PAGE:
Run your own race

In the age of social media, we are constantly bombarded by what other people are doing. You see pictures of people’s homes, cars, holidays, dogs, cats, babies etc. etc. Dental forums are much the same but instead you see pictures of layered composites, porcelain onlays and anterior implants with soft tissue control that we all find a bit arousing. (Just me?) But the downside of this is that you start to feel like you’re behind. You feel like you should be doing smile designs or sinus lifts.

So you book an implants course because Steve from uni is doing them. You sign up to the latest ‘short term ortho’ system because Sharon’s made a mint. You might pay over the odds for a dental practice that you never really wanted because prices keep going up and you don’t want to miss the boat. In short, you start chasing other people.

Stop. You need to run your own race.

You mustn’t start doing something because someone else is doing it. As a dentist and person you are an individual with your own individual skills and interests. More importantly, you will have your own individual goals of what you want to achieve from your career and life. If you just follow other people, you’re chasing their goals and not your own.

The worst thing you can do is to try to copy multiple people. You lurch from one idea to the other with no real direction. You’re following people but they are heading off in different directions and you end up going in circles, busy going no where.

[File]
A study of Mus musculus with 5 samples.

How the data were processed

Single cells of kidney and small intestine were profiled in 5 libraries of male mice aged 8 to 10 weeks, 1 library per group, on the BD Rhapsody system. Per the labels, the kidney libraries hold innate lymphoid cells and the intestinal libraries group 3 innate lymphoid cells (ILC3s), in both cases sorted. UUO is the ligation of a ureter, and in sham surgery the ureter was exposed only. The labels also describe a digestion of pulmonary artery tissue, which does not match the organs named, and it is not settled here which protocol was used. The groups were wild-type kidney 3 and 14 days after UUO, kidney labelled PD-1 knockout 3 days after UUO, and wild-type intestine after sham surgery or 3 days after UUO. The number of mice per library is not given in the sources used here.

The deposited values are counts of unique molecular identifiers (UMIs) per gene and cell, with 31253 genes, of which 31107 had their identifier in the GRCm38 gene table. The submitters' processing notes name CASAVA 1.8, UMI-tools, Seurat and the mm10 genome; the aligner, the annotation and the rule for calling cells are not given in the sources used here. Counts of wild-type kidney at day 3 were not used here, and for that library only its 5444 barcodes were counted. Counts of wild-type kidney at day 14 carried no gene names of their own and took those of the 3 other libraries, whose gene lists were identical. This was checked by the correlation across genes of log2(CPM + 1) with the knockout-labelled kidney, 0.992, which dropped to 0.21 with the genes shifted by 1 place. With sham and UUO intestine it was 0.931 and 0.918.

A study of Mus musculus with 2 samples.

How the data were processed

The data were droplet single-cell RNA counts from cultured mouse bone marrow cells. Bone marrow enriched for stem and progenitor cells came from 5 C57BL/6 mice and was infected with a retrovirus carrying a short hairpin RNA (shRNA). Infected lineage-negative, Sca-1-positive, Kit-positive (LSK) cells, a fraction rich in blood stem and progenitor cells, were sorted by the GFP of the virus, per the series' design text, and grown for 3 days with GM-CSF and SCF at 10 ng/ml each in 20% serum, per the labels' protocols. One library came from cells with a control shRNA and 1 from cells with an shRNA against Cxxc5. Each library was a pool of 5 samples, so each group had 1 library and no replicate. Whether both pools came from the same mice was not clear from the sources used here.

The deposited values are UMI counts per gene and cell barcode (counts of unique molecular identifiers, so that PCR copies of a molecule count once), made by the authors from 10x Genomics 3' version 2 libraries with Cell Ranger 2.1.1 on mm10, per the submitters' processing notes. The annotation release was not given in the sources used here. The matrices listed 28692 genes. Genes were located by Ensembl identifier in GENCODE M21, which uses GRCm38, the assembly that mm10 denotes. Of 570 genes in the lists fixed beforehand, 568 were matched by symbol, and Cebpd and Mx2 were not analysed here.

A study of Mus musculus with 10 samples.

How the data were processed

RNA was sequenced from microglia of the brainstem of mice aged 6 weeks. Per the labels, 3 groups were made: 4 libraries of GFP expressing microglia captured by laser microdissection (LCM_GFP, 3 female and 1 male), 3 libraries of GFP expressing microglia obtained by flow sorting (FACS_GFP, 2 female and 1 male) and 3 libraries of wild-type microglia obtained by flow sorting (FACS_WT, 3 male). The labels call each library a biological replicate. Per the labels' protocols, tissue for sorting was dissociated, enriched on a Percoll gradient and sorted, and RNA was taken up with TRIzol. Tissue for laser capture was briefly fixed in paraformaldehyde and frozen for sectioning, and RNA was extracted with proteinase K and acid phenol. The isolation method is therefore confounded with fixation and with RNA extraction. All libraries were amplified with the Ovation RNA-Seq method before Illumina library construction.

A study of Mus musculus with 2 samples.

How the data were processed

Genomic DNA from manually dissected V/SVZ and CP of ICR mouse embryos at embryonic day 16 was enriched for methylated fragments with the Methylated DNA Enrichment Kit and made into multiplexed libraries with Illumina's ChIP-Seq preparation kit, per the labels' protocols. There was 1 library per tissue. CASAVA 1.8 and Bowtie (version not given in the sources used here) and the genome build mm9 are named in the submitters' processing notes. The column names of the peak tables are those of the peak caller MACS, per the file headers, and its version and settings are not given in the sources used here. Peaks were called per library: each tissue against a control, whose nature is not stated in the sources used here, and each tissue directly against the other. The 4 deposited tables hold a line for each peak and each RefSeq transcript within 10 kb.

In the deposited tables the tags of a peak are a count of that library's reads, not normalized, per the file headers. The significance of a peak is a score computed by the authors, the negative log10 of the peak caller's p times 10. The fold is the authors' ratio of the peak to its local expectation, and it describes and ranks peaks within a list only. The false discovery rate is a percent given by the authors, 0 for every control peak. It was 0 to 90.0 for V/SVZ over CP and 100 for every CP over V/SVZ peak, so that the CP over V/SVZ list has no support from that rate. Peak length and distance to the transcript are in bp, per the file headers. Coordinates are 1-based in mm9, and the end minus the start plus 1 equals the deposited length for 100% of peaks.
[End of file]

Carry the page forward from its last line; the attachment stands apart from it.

How to run your own race

You need to start with goals. I would start with big goals. Where do you want to live, who do you want to spend time with, what do you want to do with your life? Once you know your ambitions, work backwards to create the road map to achieving them.

It’s obviously not as easy as that and your goals are likely to change over time. But understanding your own objectives helps you to evaluate opportunities that present themselves. Instead of worrying about Malcolm buying up dental practices, think about whether buying a business would help you to achieve your goals. If it does, great! If it doesn’t, still great. You can move on to other things.

The perils of ‘Facebook dentistry’

‘Facebook dentistry’ is not much like real dentistry. You don’t see the cock-ups. You don’t see the fifteen times it didn’t quite work. You only see the perfect fissure pattern or the faultless emergence profile.

It’s great to share ideas and success stories, especially as dentistry can otherwise be quite a solitary profession. But it is ever so important that you don’t see what other people are doing and allow it to distract you from your own personal goals. Remember to run your own race.

Follow Andrew via email

Enter your email address to hear about Andrew's latest posts by email.